Emirates Airline launched a new era in air travel last month when it flew its first Boeing 777-200LR from Dubai to São Paulo, Brazil. The trip marked the first time any carrier has linked all the world’s permanently inhabited continents with nonstop service from one hub.
The 15-hour, 30-minute flight no doubt left many with a case of jetlag, but its repercussions will certainly extend far beyond the biorhythmic disturbances of its passengers. Indeed, if Dubai makes good on its pledge to become the world’s air transportation hub, it can certainly point to Emirates’ first flight to South America as one of the milestone events that helped solidify that status.
In fact, Emirates has for some time been preparing for service with its second 777-200LR–a nonstop route between Dubai and Houston, Texas, scheduled to begin December 3. The new service is to operate three times a week until February 1, when it becomes a once-daily affair.
Houston will become Emirates’ second gateway in the U.S., one of five routes added this year to its network, which now stands at 96 destinations in 61 countries. Other recent additions include Toronto, Canada, where it launched service with the 777-300ER on October 29, and Ahmedabad, India, where it began flying an Airbus A330-200 and Boeing 777-200 on October 28.
Next year Emirates turns its attention to launching nonstop service to the U.S. cities of Los Angeles, San Francisco, Atlanta, Boston, Chicago, Philadelphia, Seattle and Washington Dulles International Airport. Another service to South America will likely involve Buenos Aires, Argentina. Asia Pacific development will include Australia and China, where Emirates would like to expand its service to Shanghai and Beijing by three more destinations.
Of course, the longest range additions to its network–such as those planned for South America and the West Coast of the U.S.–will require the reach supplied by the 200LR, the final eight of which it expects to arrive from Boeing’s Everett, Washington assembly plant over the next year. “From Emirates’ perspective, the aircraft performance limitations we faced when operations commenced in 1985 have to a large extent been overcome, and with the pending deliveries of our B777-200LRs and A380s, we will be able to serve more meaningfully the majority of the key global markets,” said Emirates CEO Tim Clark.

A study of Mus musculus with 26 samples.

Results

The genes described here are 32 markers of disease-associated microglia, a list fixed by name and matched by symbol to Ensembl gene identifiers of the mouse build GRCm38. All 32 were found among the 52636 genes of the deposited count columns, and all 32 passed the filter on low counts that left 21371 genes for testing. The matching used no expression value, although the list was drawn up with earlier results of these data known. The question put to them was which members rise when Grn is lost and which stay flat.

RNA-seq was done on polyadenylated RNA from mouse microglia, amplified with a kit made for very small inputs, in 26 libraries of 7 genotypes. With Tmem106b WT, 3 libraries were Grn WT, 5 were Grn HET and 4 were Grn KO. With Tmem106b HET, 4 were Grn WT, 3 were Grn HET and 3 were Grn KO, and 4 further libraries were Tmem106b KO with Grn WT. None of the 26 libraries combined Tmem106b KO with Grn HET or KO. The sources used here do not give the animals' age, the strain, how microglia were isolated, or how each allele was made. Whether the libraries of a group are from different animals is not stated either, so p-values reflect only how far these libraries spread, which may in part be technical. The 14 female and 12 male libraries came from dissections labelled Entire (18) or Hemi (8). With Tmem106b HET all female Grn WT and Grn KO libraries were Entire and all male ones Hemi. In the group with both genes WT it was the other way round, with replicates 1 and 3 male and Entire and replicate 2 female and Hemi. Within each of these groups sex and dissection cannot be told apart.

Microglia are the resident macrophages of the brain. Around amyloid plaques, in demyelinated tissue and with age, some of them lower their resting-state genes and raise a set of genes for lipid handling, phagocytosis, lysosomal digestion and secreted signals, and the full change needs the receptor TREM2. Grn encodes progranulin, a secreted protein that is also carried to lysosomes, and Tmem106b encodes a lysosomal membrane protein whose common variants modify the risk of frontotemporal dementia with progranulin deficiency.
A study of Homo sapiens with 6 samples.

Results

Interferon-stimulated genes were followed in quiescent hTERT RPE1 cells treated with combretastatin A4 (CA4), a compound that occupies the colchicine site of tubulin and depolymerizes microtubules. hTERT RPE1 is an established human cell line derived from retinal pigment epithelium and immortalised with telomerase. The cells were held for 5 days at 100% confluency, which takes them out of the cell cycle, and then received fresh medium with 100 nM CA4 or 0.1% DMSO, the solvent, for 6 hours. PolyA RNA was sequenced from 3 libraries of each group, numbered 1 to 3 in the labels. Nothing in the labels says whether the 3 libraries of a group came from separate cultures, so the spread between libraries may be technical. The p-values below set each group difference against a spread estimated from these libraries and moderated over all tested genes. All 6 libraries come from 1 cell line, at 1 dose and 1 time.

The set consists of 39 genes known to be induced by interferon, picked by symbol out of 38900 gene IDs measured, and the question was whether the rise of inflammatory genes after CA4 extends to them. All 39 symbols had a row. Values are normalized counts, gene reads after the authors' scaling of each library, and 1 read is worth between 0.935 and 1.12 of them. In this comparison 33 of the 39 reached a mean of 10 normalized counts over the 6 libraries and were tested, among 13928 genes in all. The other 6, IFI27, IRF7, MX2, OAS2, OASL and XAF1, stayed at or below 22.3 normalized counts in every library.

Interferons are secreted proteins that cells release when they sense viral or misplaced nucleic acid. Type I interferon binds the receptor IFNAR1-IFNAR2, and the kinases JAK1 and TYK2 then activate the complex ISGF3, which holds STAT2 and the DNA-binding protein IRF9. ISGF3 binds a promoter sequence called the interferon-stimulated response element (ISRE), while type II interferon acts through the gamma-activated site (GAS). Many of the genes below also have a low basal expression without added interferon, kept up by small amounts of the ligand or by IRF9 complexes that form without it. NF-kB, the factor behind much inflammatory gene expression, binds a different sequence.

Still, the 777-200LR remained a somewhat modest seller late last month, as Boeing had collected firm orders for 44 of the airplanes from eight customers. Emirates, for one, sees a need for bigger airplanes that can match the 9,450-nm range of the 200LR. “We continue to press for improvement and are actively engaging with the aircraft manufacturers, principally Boeing, to produce a large quad, in the 400-seat size, that can carry a 55-ton payload over a 17-hour mission,” added Clark.
Qatar Airways stands as the only other carrier from the Middle East to have ordered 200LRs, six of which it expects to begin taking some time next year. That deal accompanied a firm order for fourteen 777-300ERs, the first of which Qatar expected to arrive this month. Qatar has also ordered a pair of 777 Freighters–a cargo variant of the 200LR–for delivery in 2009.
Over the summer, Air India took delivery of the first three of eight 777-200LRs on order. India’s national carrier launched the first-ever nonstop service by an Indian airline to the U.S. with its first 200LR, when it flew direct from Mumbai to New York JFK Airport on August 1. It plans to start flying another 200LR between Delhi and New York on January 7, followed by Bangalore-San Francisco sometime next spring.
Launch customer Pakistan International Airlines operates the program’s first flight-test airplane on service between Karachi and Toronto, and the second 200LR on domestic routes.